The Telecom Regulatory Authority of India (TRAI) on Tuesday suggested that in future, the price of 2G spectrum should be priced on a par with that of the 3G spectrum (which will be decided once the ongoing auction is over), besides favouring de-linking the sale of spectrum from issue of licence, as is being done now. It not only called for scrapping the government policy of subscriber-linked criteria for giving additional spectrum, but also favoured release of additional spectrum with fulfilment of roll-out obligations, which should be three years from the date of allocation of radio frequency.

Releasing its recommendations on ‘Spectrum management and licensing framework', TRAI has proposed that the licence fee paid by operators should be reduced in the next four years to a uniform 6 per cent of adjusted gross revenue from the current 6-10 per cent. To promote merger and acquisitions and help consolidation of the fast-growing telecom sector, the regulator has suggested ending restrictions that now prevent telecom firms from selling majority stakes in the first three years of getting a licence. It has also favoured sharing of 2G spectrum between operators for five years. Notably, the Department of Telecommunications has to accept these recommendations before they become a law.

“All the spectrum beyond 6.2 Mhz will have to be paid for at the current market price (achieved after 3G spectrum auction) by GSM operators, and for the CDMA operators, the spectrum assigned beyond the contracted amount of 5 Mhz will also have to be paid for,” said TRAI Chairman J. S. Sarma.

TRAI has also recommended that companies should not be given free spectrum when their licences come up for renewal, but pay market at rates based on 3G prices. TRAI expects to raise Rs.30,000-35,000 crore as one-time spectrum charges from mobile companies, if its recommendations are implemented.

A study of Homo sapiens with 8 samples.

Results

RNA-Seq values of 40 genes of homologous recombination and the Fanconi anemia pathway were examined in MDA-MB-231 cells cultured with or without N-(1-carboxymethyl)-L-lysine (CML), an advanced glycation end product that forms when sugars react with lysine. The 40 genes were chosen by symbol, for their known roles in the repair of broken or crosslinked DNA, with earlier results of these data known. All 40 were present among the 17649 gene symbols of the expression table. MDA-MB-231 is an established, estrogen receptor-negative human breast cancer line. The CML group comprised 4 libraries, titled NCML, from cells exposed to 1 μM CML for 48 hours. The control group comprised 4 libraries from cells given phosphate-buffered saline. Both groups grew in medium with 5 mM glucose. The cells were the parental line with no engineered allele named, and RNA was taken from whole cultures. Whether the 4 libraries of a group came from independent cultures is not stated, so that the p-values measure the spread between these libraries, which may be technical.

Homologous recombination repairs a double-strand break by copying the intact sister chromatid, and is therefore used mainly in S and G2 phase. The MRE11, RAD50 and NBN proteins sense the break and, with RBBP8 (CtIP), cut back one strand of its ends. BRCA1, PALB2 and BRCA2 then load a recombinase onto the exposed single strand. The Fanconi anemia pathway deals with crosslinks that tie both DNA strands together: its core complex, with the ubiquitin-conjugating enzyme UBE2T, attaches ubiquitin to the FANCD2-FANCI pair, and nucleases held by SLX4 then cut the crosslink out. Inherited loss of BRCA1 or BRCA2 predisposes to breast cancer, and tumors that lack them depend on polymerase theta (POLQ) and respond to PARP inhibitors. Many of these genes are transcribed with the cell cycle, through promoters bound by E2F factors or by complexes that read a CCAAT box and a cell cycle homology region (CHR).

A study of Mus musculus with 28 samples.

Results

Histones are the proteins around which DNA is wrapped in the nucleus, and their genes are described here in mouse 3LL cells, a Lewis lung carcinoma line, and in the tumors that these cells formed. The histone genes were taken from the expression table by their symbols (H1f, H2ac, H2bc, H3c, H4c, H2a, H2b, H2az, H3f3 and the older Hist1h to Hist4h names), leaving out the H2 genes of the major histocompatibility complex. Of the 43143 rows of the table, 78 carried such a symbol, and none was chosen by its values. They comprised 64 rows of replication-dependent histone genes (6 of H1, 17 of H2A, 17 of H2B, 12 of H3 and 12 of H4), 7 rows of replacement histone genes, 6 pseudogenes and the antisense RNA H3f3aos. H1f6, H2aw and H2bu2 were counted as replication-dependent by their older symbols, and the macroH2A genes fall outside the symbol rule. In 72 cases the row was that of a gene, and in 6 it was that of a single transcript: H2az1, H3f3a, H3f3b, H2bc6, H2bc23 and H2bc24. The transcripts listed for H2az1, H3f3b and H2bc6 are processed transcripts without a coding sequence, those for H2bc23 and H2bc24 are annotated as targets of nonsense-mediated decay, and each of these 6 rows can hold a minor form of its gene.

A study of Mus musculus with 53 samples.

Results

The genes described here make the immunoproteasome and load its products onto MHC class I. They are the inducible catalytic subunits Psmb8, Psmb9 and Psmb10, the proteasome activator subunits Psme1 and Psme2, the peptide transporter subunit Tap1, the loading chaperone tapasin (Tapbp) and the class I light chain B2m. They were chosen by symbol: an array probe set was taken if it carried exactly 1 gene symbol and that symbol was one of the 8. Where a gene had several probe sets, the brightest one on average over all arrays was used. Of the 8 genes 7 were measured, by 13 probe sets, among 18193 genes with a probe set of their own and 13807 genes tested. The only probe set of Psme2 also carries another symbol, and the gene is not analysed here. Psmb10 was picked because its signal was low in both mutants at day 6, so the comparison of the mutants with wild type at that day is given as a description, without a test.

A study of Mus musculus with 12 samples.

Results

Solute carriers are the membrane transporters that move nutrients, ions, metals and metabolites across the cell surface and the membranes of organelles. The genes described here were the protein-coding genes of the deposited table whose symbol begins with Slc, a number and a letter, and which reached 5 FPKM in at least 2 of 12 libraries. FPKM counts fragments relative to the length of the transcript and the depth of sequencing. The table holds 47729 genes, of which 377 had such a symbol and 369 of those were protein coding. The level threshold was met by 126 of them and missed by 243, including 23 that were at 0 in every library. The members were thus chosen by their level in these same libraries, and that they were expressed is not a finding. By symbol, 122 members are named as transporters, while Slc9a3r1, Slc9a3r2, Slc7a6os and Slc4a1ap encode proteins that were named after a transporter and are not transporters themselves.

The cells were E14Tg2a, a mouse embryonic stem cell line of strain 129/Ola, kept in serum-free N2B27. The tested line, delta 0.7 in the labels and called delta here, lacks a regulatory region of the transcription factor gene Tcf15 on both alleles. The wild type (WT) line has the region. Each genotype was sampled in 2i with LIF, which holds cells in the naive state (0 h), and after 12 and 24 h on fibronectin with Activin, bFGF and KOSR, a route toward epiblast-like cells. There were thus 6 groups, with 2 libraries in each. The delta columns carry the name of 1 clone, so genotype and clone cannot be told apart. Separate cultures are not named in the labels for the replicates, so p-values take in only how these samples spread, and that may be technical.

Referring to 2G pricing controversy, Mr. Sarma also pointed out that auctioning 2G spectrum did not make economic sense, as the amount of spectrum after meeting the obligation of contracted spectrum was limited and the number of claimant for additional spectrum would have been extremely few. “We are conscious of the fact that there are several views about deriving the true price of 2G spectrum, and keeping this in view the authority is separately initiating an exercise to further study the subject and would apprise the government later,” he added.

TRAI has also proposed a cap of 10 Mhz spectrum per GSM operator and 7 Mhz to each CDMA company. However, it is not in favour of capping the number of companies per circle if licences are de-linked from spectrum. On spectrum allocation, Mr. Sarma said preference would be given to those who want to get the contracted 6.2 Mhz of spectrum and those who are waiting for the next level (8 Mhz of spectrum). The least priority is those who are waiting to get start-up spectrum. TRAI recommendations said the total requirement of spectrum in the next five years would be of the order of 500 to 800 MHz, including 275MHz for voice services alone, while the availability was only to the tune of about 287 to 450 MHz.